This fall University of La Verne College of Law, in addition to its traditional courses, will now offer an academic program with an emphasis on computer game law, from a Professor also noted for the Objection!
series of 'serious games'.
The nation's first class on computer game law was taught in 2002 by University of La Verne College of Law Professor Ashley Lipson. This year, Lipson and his colleagues have created a comprehensive schedule of course offerings that include "Multimedia Law," "The Law of the Computer Games Industry" and "The Law of Cyberspace," along with classes in intellectual property and entertainment law.
Professor Lipson also developed the Objection!
software series, which simulates courtroom experiences with facts and questions covering all aspects of the trial examination process, including both direct and cross-examination. It is used by lawyers throughout the United States and other countries.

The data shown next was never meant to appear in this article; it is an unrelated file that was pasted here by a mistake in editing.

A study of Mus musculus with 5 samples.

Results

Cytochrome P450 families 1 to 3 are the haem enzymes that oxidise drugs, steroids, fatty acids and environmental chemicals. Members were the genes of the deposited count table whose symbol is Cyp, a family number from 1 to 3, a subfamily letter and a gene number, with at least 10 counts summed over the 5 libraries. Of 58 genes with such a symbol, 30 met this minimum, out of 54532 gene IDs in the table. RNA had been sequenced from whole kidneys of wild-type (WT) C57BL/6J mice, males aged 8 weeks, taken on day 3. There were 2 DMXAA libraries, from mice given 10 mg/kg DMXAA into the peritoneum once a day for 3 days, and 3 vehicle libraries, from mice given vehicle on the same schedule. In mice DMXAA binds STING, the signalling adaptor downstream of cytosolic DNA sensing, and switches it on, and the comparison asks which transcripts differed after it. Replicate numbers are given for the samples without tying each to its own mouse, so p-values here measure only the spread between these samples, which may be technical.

Lipson will also issue an initial edition of "Computer Game Law," the first academic casebook on the subject, exclusively to University of La Verne law school students. The casebook will cover a broad range of legal topics directly related to the computer game industry, including acquisition of game rights and ideas, intellectual property rights and licenses (copyrights, patents, trademarks, trade names, and trade dress and trade secrecy), marketing and distribution, industry and content regulation (adult content, pornography and violence) and property rights in virtual worlds.
Lipson is the author, creator and programmer of SivPro!
, the first set of combined computer games and tutorials targeted toward law students. The University of La Verne College of Law is the only campus in the country where law tutorial video game updates are tested by students before they are released to law firms, major universities, law schools, high schools, municipalities and prosecutorial agencies around the country.